What do the experts say about the Line Creek Forest?

The Mid-America Regional Council has designated the Line Creek Forest as medium-to-high priority for forest conservation and restoration, according to their Natural Resource Inventory and ArcGIS mapping. 

Missouri Department of Conservation has said, “because of its relatively healthy condition and its location, the area [the Line Creek Forest] is an important piece of property for conservation,” describing the area as a combination of bottomland forest and upland forests and woodlands, and saying, “several species of oaks and hickories, some quite old, can be found in the more upland parts of the corridor. Among other benefits, this contiguous green space offers valuable wildlife habitat, improved water quality, and outdoor recreation.

When the city developed the Line Creek Trail, the forest surrounding the trail was evaluated as “… untouched wilderness areas with substantial natural and archaeological resources and wildlife habitat…” and “… some of the last remaining original woodland forest within Kansas City in Platte County,” according to KC Ordinance 090697.

Using its size, health and age for comparison, there are only two other similar green spaces in the KC Northland, and the Line Creek Forest is the last unprotected one (this is why we refer to it as the In other words, there is no mulligan. If we eradicate the Line Creek Forest, there is not another comparable forested area to preserve in the future.

Supports Greater KC Initiatives

According to the Greater Kansas City Regional Forestry Initiative, less than 2 percent of our trees are 18” in diameter or more. In this forest are ancient oaks existing in a complex and symbiotic ecosystem.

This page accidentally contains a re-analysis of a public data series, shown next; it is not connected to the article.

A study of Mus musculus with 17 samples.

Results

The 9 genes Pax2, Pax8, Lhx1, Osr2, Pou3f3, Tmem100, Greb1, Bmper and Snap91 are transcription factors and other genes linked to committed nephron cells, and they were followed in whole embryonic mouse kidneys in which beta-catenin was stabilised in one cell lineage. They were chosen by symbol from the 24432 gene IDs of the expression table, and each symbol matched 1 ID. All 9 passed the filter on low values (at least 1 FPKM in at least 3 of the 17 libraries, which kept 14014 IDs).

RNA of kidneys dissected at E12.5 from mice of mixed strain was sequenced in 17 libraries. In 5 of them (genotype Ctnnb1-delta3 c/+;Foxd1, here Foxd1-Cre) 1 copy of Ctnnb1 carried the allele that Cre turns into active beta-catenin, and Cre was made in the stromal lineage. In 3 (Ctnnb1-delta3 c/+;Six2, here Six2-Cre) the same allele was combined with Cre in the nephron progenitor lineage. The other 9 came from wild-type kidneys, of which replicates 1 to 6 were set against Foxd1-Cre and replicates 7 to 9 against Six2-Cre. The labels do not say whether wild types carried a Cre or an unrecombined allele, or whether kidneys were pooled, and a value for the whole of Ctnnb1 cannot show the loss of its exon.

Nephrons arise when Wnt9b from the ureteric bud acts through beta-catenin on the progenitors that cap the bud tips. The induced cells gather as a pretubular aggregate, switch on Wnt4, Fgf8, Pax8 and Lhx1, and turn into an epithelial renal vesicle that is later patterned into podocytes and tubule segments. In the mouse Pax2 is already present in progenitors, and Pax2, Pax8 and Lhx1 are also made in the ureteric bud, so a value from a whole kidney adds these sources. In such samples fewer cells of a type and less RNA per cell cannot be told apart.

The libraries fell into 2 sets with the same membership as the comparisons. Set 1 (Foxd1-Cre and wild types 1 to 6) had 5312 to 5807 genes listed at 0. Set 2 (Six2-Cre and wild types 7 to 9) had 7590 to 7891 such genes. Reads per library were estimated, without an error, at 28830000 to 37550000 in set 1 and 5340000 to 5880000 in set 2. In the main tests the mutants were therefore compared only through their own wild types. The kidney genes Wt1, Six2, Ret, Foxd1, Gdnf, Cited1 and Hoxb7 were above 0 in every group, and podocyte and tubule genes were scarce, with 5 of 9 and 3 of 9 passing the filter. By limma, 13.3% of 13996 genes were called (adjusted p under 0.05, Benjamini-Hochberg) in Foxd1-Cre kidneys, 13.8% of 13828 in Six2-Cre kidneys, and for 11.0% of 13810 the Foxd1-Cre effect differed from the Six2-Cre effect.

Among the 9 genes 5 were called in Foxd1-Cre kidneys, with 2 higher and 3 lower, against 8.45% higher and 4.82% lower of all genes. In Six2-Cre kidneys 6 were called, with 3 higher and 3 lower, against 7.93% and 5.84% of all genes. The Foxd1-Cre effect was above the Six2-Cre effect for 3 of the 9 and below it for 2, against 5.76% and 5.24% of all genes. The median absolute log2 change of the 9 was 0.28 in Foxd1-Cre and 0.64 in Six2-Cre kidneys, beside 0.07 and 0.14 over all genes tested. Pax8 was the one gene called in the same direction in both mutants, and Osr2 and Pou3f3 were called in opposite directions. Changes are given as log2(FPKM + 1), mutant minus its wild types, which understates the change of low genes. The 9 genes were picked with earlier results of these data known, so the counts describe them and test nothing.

Taxpayers have spent money supporting the local research of the Greater KC Regional Forestry Initiatives, where findings conclude, quote, “Local leaders, planners and residents (that’s us) can use the study results to develop a regional forestry framework improved long-term management plans and policies that will protect and preserve our trees for future generations"


The Greater KC Forestry Initiative dictates, “Increasing our tree cover by just 10% would: Remove 1 million more tons of air pollution/year; Remove 3.1 million tons more VOC* emissions/year; Sequester 9.4 million more tons of carbon/year.”

Benefits of Green Space

The Line Creek Forest is not a park that requires constant upkeep. This forest is, for the most part, self-sustaining and healthy, and for the last 50 years has grown even more so. Even citizens who never step foot on the trail or in the forest reap the benefits of its existence: the forest provides cleaner air and micro-climate control, reduces noise and light pollution, provides a habitat for animals, such as Missouri’s songbirds, bats and owls, and provides water run-off management in an area notorious for flooding.

Additionally, there have been countless studies on the impact and benefits of urban green spaces, particularly forests, on human physical and mental health. Parks decrease health costs and support productivity, both through encouraging exercise and reducing air pollution. 

Depending on their size (and our forest is relatively the size of Central Park), parks and natural green spaces can boost the economy and increase property values, draw visitors from near and far, bringing tourism revenue to local restaurants, hotels and stores.

And taxpayers typically pick up the cost for maintaining roads, replanting trees, restoring green space, managing flood issues, etcetera. So, while we appreciate the need for development, we are also very sensitive to the very real side effects felt by surrounding communities, both short- and long-term implications, especially as it relates to our dwindling green spaces in the Northland. 

more reasons to protect the forest



KC spent 2 million dollars to bring community members to the untouched forest. Why ruin the surroundings with development?

Tree 5


The Line Creek Forest has a rich history, from the interurban railroad to the archeological artifacts of the ancient Hopewell Culture. 

Tree 3


Our wild spaces are disappearing, and important species of bats, insects, owls, songbirds and plants are losing valuable habitats.